What is Polyvagal Theory?

Updated: Jun 26, 2023

Polyvagal theory is a theoretical framework developed by Dr. Stephen Porges to explain the complex interplay between the autonomic nervous system, social behaviour, and emotional regulation. This theory proposes that the autonomic nervous system (ANS), which controls our involuntary bodily functions, has evolved over time to adapt to different environmental challenges and threats.

According to polyvagal theory, the ANS has three distinct branches, each associated with a different level of neurophysiological and behavioural response. The first branch is the unmyelinated vagus, which is responsible for the most primitive and reflexive response to danger, known as the freeze response. This response involves immobilization and shutting down of bodily systems, as a means of conserving energy and avoiding detection by predators. This branch is also associated with the release of certain neuropeptides, such as opioids, that produce analgesia and feelings of dissociation.

The second branch is the sympathetic nervous system, which is activated in response to more immediate threats, such as physical danger or psychological stress. This branch is responsible for the "fight or flight" response, which involves a surge of adrenaline and other stress hormones that prepare the body to either fight or flee from danger. This response can also trigger increased heart rate, rapid breathing, and other physiological changes.

The third branch is the myelinated vagus, which is associated with social engagement and emotional regulation. This branch is unique to mammals, and is responsible for the capacity to connect with others, communicate through facial expressions and vocalizations, and engage in reciprocal social interactions. The myelinated vagus promotes feelings of safety, calmness, and connection, and is thought to play a crucial role in the development of social bonds and attachment.

According to polyvagal theory, the ANS functions in a hierarchical manner, with each branch activated in response to different levels of perceived threat. When we feel safe and secure, the myelinated vagus is active, promoting social engagement and emotional regulation. However, if we perceive a threat, the sympathetic nervous system is activated, and we may experience the fight or flight response. If the threat persists or becomes overwhelming, the unmyelinated vagus is activated, leading to immobilization and dissociation.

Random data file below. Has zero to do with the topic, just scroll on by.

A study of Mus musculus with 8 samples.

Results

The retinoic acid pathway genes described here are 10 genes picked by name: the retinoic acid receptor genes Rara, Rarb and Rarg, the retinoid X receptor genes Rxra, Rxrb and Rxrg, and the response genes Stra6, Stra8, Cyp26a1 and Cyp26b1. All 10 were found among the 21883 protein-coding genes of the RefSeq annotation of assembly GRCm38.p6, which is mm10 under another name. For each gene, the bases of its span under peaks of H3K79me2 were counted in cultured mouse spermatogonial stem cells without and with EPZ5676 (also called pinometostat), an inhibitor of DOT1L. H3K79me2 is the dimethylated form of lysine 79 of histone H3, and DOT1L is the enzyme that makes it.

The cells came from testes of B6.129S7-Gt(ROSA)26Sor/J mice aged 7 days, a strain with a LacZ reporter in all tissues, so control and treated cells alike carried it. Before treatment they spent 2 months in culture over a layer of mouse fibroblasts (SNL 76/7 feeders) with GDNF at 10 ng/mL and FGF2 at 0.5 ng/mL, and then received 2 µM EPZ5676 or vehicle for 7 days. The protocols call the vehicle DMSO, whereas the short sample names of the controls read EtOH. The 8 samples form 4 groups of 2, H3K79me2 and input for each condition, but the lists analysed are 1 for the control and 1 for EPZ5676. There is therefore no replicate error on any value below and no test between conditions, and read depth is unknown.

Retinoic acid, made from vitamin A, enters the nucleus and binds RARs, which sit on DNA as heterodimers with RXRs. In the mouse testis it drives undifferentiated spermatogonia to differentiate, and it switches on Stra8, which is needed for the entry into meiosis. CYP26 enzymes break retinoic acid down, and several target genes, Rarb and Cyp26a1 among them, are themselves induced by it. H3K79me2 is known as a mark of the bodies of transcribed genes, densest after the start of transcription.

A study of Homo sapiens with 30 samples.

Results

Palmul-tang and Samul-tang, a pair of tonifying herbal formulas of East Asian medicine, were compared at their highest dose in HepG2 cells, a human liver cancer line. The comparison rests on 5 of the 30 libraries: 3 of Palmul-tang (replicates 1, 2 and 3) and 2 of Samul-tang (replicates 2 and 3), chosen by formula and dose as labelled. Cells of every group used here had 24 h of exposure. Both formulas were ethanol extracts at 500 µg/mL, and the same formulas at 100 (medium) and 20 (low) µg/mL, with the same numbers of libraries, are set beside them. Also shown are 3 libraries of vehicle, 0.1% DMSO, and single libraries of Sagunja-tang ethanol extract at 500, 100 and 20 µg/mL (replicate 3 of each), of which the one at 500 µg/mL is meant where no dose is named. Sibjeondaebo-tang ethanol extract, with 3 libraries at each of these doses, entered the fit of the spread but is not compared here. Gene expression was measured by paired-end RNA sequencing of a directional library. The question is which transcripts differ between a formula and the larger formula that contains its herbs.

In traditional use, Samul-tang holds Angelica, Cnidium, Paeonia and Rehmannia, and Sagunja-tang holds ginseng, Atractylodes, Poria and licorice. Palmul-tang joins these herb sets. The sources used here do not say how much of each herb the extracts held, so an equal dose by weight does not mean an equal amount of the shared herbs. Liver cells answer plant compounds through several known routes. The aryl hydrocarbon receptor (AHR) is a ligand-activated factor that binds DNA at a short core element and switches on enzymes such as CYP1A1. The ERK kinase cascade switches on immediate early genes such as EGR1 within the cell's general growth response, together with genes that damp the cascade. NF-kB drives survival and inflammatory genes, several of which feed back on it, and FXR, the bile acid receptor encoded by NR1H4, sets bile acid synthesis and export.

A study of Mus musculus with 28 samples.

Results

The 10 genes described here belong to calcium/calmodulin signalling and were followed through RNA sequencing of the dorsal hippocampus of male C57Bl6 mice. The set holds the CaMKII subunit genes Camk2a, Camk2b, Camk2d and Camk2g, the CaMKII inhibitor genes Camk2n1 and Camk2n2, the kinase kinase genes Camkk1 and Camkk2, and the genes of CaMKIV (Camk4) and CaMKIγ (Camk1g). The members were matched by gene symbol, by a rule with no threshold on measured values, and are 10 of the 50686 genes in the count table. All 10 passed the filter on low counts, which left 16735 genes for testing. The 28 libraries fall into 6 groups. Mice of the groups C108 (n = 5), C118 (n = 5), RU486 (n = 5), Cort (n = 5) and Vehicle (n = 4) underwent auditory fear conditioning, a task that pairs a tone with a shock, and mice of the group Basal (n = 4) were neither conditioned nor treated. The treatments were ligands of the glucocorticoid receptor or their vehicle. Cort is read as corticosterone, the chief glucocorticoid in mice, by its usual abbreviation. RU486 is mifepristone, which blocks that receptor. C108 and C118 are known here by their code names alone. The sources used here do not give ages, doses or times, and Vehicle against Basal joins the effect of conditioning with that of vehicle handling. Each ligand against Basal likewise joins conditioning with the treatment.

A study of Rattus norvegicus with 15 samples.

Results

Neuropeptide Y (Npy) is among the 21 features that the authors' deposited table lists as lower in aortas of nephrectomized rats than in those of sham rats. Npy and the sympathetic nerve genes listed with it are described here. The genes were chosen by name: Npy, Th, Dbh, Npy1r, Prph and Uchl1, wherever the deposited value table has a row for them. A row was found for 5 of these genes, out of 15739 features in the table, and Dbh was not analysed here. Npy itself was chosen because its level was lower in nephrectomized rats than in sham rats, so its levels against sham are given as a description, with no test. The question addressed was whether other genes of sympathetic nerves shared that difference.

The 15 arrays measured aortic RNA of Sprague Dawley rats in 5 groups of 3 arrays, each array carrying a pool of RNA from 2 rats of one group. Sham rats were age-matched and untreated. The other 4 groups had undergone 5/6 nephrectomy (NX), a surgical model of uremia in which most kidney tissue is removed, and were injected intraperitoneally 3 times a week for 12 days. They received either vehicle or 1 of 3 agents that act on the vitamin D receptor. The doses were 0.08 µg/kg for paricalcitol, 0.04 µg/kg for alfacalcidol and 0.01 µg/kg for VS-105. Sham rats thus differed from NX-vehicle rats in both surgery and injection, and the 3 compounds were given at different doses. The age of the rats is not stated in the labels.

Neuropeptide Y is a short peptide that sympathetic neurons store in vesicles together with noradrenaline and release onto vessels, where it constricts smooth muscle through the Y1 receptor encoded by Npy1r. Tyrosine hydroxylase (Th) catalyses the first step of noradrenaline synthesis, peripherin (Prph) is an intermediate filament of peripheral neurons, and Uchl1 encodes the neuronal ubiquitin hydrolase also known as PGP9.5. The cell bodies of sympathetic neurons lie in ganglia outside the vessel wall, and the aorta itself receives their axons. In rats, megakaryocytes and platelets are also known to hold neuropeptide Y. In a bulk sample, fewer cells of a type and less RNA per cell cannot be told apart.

Polyvagal theory has important implications for understanding a range of psychological and social phenomena. For example, it can help explain why individuals who have experienced trauma or abuse may have difficulty regulating their emotions, forming social connections, and experiencing a sense of safety and security. These individuals may be more likely to activate their sympathetic or unmyelinated vagus in response to perceived threats, leading to a range of psychological and physiological symptoms.

The theory also sheds light on the importance of social support and connection in promoting emotional regulation and mental health. When we feel safe and connected with others, our myelinated vagus is activated, promoting feelings of calmness and social engagement. In contrast, when we feel threatened or isolated, our sympathetic or unmyelinated vagus may be activated, leading to feelings of anxiety, fear, and disconnection.

Overall, polyvagal theory provides a useful framework for understanding the complex interplay between our autonomic nervous system, social behavior, and emotional regulation. By helping us better understand how our physiological responses to threat and safety are connected to our psychological well-being, this theory has important implications for a range of fields, including clinical psychology, social work, and education.